Whenever anyone asks me which month is my busiest of the year on the golf course, they are always surprised when I answer September. They are no doubt expecting me to say June or July, or maybe even August. But September? Really?

Don’t get me wrong – the busiest time of the year for the golf course (talking rounds played here) definitely is the summer – June, July and August. However, that doesn’t always mean that this is a golf course superintendent’s busiest time.

Compare a superintendent to an airline pilot (I know, I know, they are so often compared). Although I’ve never flown a jet, I’m fairly certain the most difficult time for a pilot would be the beginning of a flight, through take-off and the initial climb, as well as the landing process. The middle stage – when the plane is leveled off and floating at a comfy altitude – is when autopilot is engaged and things are a little less stressful.

Now, I’m not saying that summertime is a walk in the park for superintendents. It is the season when our golf courses are at their busiest, and it is the time of year when we strive for that high-water mark of maintenance. Summer is when we aim for optimum playability – our very best conditions.

But, the truth is, we are all pretty good at providing those conditions. We know what it takes, and summer weather (more often than not) accommodates us. Fine-tuning in midsummer takes adjustments, tweaks and alterations. An extra roll here, a little topdressing there. A midsummer knifing here, a wetting agent application there. Lowering the height of cut here, adding some bunker sand there.

You get the point.

For most golf courses, spring and fall are really the time to get some serious hardcore maintenance done. Plugs start to take over the golf course as we aerify greens, tees, fairways and rough. We begin to wrap up the irrigation season. Off-season projects are planned and started. Those once-green and thriving leaves suddenly become a major headache as they start to fall from the trees and find their way onto greens, tees, fairways and into bunkers. And the grass itself seems to grow as fast as it did in mid-summer (if not faster).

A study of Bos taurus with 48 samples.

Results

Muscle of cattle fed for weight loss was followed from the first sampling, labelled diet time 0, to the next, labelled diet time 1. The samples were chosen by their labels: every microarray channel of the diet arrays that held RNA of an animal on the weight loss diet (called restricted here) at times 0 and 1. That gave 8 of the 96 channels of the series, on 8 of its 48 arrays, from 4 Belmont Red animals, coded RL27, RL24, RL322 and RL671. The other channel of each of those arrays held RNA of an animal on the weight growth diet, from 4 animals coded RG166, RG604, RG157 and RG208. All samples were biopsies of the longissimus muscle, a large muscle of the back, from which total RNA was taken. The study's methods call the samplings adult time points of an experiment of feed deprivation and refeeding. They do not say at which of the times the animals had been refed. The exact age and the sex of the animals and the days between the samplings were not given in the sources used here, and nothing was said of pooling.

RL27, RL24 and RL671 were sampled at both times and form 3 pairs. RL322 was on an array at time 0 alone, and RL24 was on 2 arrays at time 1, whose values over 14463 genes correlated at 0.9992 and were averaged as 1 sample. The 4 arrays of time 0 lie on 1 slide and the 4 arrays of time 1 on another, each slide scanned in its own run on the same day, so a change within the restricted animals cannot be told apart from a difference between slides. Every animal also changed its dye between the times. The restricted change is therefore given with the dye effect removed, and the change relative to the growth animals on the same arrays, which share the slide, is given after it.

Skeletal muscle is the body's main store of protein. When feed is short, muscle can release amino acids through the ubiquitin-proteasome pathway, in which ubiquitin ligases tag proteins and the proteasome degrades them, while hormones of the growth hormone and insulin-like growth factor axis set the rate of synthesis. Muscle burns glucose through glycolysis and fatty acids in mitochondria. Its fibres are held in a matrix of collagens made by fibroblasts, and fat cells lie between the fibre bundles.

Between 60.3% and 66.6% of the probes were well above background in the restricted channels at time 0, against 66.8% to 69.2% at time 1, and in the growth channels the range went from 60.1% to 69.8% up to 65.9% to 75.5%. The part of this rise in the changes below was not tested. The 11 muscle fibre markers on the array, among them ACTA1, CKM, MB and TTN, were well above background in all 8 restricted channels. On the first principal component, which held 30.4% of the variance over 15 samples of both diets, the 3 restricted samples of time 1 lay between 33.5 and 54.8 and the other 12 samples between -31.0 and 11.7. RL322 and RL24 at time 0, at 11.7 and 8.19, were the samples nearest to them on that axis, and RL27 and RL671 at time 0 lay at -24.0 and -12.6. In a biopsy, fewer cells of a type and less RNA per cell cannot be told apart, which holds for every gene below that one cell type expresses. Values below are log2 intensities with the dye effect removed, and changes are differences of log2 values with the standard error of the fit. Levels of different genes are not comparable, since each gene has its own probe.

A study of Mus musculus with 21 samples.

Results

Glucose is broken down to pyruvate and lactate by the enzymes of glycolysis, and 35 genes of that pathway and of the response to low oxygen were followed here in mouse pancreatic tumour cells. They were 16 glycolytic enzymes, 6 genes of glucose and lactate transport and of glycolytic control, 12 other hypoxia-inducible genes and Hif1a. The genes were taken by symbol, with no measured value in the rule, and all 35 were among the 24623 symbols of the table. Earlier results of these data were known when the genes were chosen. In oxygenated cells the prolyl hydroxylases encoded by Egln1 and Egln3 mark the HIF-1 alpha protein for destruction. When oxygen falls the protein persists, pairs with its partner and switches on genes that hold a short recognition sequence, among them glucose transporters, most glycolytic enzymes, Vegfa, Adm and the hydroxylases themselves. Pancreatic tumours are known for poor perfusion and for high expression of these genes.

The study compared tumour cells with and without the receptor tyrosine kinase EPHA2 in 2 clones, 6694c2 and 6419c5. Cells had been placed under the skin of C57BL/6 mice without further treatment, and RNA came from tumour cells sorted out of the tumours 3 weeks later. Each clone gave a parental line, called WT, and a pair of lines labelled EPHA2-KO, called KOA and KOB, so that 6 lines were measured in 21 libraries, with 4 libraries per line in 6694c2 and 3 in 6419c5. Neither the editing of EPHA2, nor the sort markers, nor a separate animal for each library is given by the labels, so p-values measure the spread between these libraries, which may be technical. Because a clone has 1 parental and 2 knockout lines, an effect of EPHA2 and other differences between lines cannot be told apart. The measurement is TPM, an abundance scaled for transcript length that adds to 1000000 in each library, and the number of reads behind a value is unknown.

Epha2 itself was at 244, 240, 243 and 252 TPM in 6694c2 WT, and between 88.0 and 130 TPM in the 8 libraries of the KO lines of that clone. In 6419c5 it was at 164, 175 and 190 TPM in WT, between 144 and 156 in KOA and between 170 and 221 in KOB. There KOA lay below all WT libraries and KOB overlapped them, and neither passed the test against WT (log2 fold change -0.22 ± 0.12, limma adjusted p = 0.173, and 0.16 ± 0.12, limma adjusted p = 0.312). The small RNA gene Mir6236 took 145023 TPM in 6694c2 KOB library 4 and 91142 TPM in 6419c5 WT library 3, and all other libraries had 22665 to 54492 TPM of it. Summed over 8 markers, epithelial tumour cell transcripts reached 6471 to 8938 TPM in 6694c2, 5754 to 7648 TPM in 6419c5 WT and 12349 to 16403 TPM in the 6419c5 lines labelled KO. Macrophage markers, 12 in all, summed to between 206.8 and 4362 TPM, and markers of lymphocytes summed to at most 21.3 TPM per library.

Fall can be the time when things really start to heat up (no pun intended). It’s the time of year you start losing that valuable seasonal staff. The number of jobs don’t necessarily decrease yet, but the number of workers available to do them does. Fall is stressful for not only supers, but the entire maintenance staff as crew members are asked to do more work in basically the same amount of time.

Fall can be the time when things really start to heat up (no pun intended) for superintendents.


One thing I’ve done to combat this problem is to no longer allow spring or fall vacations for my full-time staff. But I do now allow them to take summer vacations, something years ago I would not have considered. Despite the high-maintenance demands of summer, I simply find it easier and less stressful to schedule time off for the workers in midsummer. And, let’s face it, that is the time of year everyone would like a little time off, right? If it can be done, why not make it work?

September is that transition month for many of us – that rather sudden move from the hot, dry season into the cooler, wetter season. And, of course, transitioning into the shorter days as well. As we slip further from the solstice over two months earlier, we realize again one of the reasons September can be so challenging is that very lack of sunlight itself.

So much to do, so little time.

Those words, more than any, define the month for me.

Now, please, let me get back to work!